This former cop now patrols the digital crime beat

Juan Romero is a 2020 Infosec Accelerate Diversity scholarship winner. This cybersecurity pro started out as a patrol officer in Virginia local law enforcement. Always interested in computers, he advanced to detective and worked in gang intelligence, organized crime and narcotics. He now uses lessons learned from police work in digital investigations to decipher the ever-changing motives behind digital attacks.

From patrolling to digital forensics

Careers in law enforcement are physically demanding and inherently dangerous, unsustainable traits for the long haul, according to Juan. Citing a desire for more time with his young family and a safer work environment, he resolved to reinvent himself and in 2012 left law enforcement and moved to Colorado to pursue a cybersecurity career. There he earned a cybersecurity master’s degree and an MBA. During this time, the 2013 Target and 2014 Home Depot breaches occurred, reinforcing his decision was the right move.

“I remember thinking how cool it would be to actually investigate those breaches,” said Juan. “At that time they were the biggest, most noteworthy attacks. That fed my early motivation and I knew cybersecurity was going to be my long term career interest.”

Rich work experiences build a deep consulting background

After earning his degrees, Juan joined a bank security team doing incident response, remediating malware infections and attacks against financial websites. His career path also included valuable experiences with Microsoft as part of a cloud team doing incident response for Office365.

“We were the global security team based out of Redmond, responding to data breaches and attacks for all of Microsoft’s enterprise clients,” Juan says. “It was a great experience. We saw a good bit of red and blue activity with a very active pentesting team.”

He also held incident response team positions with AT&T, DirectTV and was part of Cisco’s traveling team helping enterprise clients with remediation and data breaches.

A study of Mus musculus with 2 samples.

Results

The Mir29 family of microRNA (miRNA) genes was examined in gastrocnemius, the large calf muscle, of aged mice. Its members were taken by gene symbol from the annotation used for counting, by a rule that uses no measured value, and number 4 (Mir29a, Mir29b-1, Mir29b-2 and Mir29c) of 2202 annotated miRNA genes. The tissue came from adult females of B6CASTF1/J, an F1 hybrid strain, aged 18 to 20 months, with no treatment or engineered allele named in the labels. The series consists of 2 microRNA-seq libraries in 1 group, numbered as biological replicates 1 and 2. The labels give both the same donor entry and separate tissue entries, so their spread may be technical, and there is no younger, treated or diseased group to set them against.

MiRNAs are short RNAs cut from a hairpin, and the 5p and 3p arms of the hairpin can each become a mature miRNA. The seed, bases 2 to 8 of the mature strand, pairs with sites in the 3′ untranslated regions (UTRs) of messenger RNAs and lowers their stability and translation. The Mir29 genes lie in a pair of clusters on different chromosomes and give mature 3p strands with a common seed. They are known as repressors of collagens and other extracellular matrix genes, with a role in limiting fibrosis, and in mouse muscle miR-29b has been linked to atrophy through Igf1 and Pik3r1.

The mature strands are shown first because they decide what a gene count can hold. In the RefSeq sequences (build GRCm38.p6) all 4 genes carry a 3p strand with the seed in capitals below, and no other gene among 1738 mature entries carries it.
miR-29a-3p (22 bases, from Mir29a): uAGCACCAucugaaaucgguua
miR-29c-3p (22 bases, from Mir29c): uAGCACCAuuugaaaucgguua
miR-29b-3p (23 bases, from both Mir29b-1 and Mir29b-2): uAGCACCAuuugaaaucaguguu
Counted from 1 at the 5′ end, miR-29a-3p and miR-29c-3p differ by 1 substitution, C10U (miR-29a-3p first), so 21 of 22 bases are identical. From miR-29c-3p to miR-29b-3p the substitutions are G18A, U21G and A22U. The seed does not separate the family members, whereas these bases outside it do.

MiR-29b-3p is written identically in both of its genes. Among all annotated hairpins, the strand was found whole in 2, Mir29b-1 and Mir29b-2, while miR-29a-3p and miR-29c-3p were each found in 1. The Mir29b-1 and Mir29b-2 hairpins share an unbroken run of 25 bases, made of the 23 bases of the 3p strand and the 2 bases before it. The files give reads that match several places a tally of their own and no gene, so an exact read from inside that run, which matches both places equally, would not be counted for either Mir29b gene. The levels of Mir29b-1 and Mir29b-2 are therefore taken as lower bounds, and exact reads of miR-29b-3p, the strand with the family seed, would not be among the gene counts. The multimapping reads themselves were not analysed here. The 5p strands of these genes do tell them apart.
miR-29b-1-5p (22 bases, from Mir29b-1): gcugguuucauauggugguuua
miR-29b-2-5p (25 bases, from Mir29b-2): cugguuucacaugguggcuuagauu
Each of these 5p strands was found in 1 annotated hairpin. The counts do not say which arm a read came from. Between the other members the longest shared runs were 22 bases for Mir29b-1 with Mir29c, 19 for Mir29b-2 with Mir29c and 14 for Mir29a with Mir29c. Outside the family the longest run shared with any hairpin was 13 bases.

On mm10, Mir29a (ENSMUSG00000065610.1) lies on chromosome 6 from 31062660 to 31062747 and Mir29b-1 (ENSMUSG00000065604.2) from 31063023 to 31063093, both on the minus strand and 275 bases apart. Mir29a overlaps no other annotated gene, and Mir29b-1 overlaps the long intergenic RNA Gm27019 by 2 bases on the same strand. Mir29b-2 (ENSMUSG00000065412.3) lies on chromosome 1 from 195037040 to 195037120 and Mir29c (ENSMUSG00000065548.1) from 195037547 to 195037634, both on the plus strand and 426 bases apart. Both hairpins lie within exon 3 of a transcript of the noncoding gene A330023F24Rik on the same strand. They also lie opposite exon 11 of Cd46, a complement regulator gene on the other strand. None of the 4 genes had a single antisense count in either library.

Currently, Juan is a senior digital forensics and incident response analyst at Splunk where he focuses on performing incident response duties for the company.

Parallels to policing

Juan looks back to his detective days as helping create a foundation for what is now his life’s work as a digital forensics and incident response analyst. In law enforcement investigations he was called upon to analyze criminal behavior and put together the puzzle pieces of connecting people through their interactions with gang and narcotics crime.

“That translates to what I do, only it’s all digital now,” Juan says. “It’s linking computers. It’s linking IOCs from malware indicators. By investigating TTPs on a system, you can map what a threat actor did on a particular computer. Or we can look at the artifacts from a breach. The investigating principles have parallels to police work, except with cybercrime it’s all digital. But it’s the same type of work, consulting root cause analysis, trying to find what the criminals did and how they got in.”

The investigating principles have parallels to police work, except with cybercrime it’s all digital. But it’s the same type of work, consulting root cause analysis, trying to find what the criminals did and how they got in.

Constantly learning to succeed

Despite his number of years and experience at the forefront of cybersecurity incident response, Juan knows that to stay sharp he has to relentlessly learn and adjust to the changing cyber climate. He plans to explore certifications and other courses from the Infosec Skills platform to stay ahead of cybercriminals and advance his career. He offers this advice to those looking to break into the cybersecurity industry:

“Integrity and humility are the two biggest characteristics to develop,” Juan says. “Humility being, knowing that in this industry there’s so much to learn in every aspect of cybersecurity. No one person can know everything. I may not be the smartest person in the room all the time, but I am always learning and improving to do better.”

“Integrity ties to honesty and doing the right thing, but it also relates to the work you do when reporting findings and securing systems. If a client is doing something that’s not okay, you need to have the integrity to tell them if it’s not the best practice and encourage them to try something else instead.”

“Be willing to give back and help others,” Juan says. “I make time to share training or offer suggestions to my team for analysis tools or investigating artifacts. When the whole team succeeds it’s also a win for the company. More importantly, it’s a win for our clients.”